In order to participate in public tenders in Slovakia, a company must register its ultimate beneficial owners (“UBO”).
The new rule stems from new public procurement legislation enacted at the end of last year. In all public tenders announced after November 1, 2015, a company must have its UBO registered in a publicly accessible register; otherwise, it may not enter into any contracts as a winning bidder of a public procurement.
Although the aim of the amendment to the Slovak Public Procurement Act was to bring more transparency to public procurement, it has been the subject of much political and expert discussion about its ability to fulfill its declared purpose, and it has drawn contradictory responses.
Who Should Be Registered as UBO?
Due to the broad interpretation of the wording of the new public procurement rules, bidders of public procurements have been rightly curious to learn the practical implications for their business.
In general, the definition of a UBO follows that set out in AML (anti-money laundering) legislation. In simple terms, a UBO is a natural person who in fact (not just formally), owns a company participating in public procurement. In order to define this natural person the law sets several criteria: the UBO is a person who has direct or indirect ownership interest(s) representing at least 25% of the registered capital of the company or voting rights in the company or has the right to appoint or dismiss a statutory body, a majority of the members of the statutory body, or a majority of the members of the supervisory board or similar body (“Ownership Criteria”).
In practice, however, it may arise that no person meets the Ownership Criteria (e.g., in listed companies), in which case the law requires that all members of the statutory body of the shareholder – the legal entity that meets Ownership Criteria – be registered as the UBO.
However, even then, it may still be complicated to define a UBO in companies with very complex ownership structures. If several companies meet the Ownership Criteria, then the members of the statutory body of the parent company that has direct or indirect decisive influence on the applicant (e.g., majority voting rights, right to appoint or dismiss majority members of a statutory body) (“Managing Company”) are registered as the UBOs. By parent company, the law generally recognizes the top parent company in the ownership structure. However, especially for multinational companies, that may not always be the case, as the top parent company is usually a holding company that does not always exercise control over a subsidiary participating in a public tender in Slovakia. In order to determine the Managing Company, corporate governance must be evaluated and it may well be the case that a company in the middle of the ownership chain meets the criteria of a Managing Company.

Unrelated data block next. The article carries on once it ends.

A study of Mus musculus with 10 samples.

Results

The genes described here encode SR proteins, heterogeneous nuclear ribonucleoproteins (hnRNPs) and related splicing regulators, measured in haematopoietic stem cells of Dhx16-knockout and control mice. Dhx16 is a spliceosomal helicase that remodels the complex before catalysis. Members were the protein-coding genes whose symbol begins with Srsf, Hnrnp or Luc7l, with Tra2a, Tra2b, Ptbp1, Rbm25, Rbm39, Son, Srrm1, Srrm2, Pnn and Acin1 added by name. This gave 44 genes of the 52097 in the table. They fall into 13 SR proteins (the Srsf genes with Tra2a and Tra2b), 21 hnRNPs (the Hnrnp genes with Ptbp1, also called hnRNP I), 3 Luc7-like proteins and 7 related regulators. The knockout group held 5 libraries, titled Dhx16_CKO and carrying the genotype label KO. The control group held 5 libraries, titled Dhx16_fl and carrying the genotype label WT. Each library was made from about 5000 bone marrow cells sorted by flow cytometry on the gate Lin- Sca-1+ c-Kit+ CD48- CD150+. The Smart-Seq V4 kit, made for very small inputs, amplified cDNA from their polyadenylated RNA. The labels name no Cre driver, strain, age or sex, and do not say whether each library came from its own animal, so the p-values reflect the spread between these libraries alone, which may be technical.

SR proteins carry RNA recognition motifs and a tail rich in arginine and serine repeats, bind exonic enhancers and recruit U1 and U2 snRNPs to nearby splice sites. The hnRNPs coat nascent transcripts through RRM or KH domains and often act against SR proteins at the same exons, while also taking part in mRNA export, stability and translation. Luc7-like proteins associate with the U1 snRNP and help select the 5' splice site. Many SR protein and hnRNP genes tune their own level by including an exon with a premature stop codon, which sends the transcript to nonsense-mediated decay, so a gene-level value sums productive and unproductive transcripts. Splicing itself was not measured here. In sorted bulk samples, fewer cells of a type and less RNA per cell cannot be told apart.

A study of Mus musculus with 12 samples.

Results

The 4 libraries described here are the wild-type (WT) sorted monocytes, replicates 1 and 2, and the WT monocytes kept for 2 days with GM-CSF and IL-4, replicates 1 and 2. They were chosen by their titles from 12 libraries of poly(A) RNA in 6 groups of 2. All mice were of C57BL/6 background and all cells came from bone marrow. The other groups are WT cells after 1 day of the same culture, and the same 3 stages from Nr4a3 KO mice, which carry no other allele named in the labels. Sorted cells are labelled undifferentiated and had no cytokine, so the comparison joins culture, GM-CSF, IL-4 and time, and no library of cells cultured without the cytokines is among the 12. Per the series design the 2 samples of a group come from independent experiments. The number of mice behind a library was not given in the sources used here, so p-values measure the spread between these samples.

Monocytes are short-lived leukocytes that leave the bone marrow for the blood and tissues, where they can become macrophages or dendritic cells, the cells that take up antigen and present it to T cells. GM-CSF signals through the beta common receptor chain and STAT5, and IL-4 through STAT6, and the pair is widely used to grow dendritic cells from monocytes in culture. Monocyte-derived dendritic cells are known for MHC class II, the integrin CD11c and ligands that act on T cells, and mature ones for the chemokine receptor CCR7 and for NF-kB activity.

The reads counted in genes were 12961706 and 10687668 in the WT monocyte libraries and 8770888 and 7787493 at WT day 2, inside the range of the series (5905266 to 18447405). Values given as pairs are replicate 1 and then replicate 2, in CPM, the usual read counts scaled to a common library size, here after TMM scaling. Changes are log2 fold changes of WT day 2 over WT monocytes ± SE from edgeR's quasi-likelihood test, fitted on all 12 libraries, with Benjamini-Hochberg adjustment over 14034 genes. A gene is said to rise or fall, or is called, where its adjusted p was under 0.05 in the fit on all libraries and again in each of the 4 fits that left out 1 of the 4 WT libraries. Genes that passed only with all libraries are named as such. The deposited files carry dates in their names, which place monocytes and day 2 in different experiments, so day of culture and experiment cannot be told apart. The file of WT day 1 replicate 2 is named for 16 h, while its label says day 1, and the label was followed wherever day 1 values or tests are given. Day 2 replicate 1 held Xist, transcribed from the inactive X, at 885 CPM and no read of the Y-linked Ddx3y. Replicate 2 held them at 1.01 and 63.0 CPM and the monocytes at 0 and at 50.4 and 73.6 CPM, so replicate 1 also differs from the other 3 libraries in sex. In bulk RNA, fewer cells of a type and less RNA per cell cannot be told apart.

The Slovak Office for Public Procurement does not examine the correctness of registered data at the time of registration; however, the Office may examine its correctness if challenged by a third party, even through the Financial Intelligence Unit (Financna spravodajska jednotka).
Failure to register a UBO, or to enter correct or complete data, may be sanctioned by a penalty of up to EUR 1 million and a prohibition against participating in public tenders for three years. Moreover, any contract concluded with a bidder without a registered UBO is invalid.
For years, there has been an urgent need for an effective tool against shell companies that shed dark light over public tenders. And while registering a UBO may not be the most efficient tool to establish transparency, the sanctions for not following it are too high to be ignored.
By Jiri Sixta, Partner, Glatzova & Co.
This Article was originally published in Issue 3.1 of the CEE Legal Matters Magazine. If you would like to receive a hard copy of the magazine, you can subscribe here.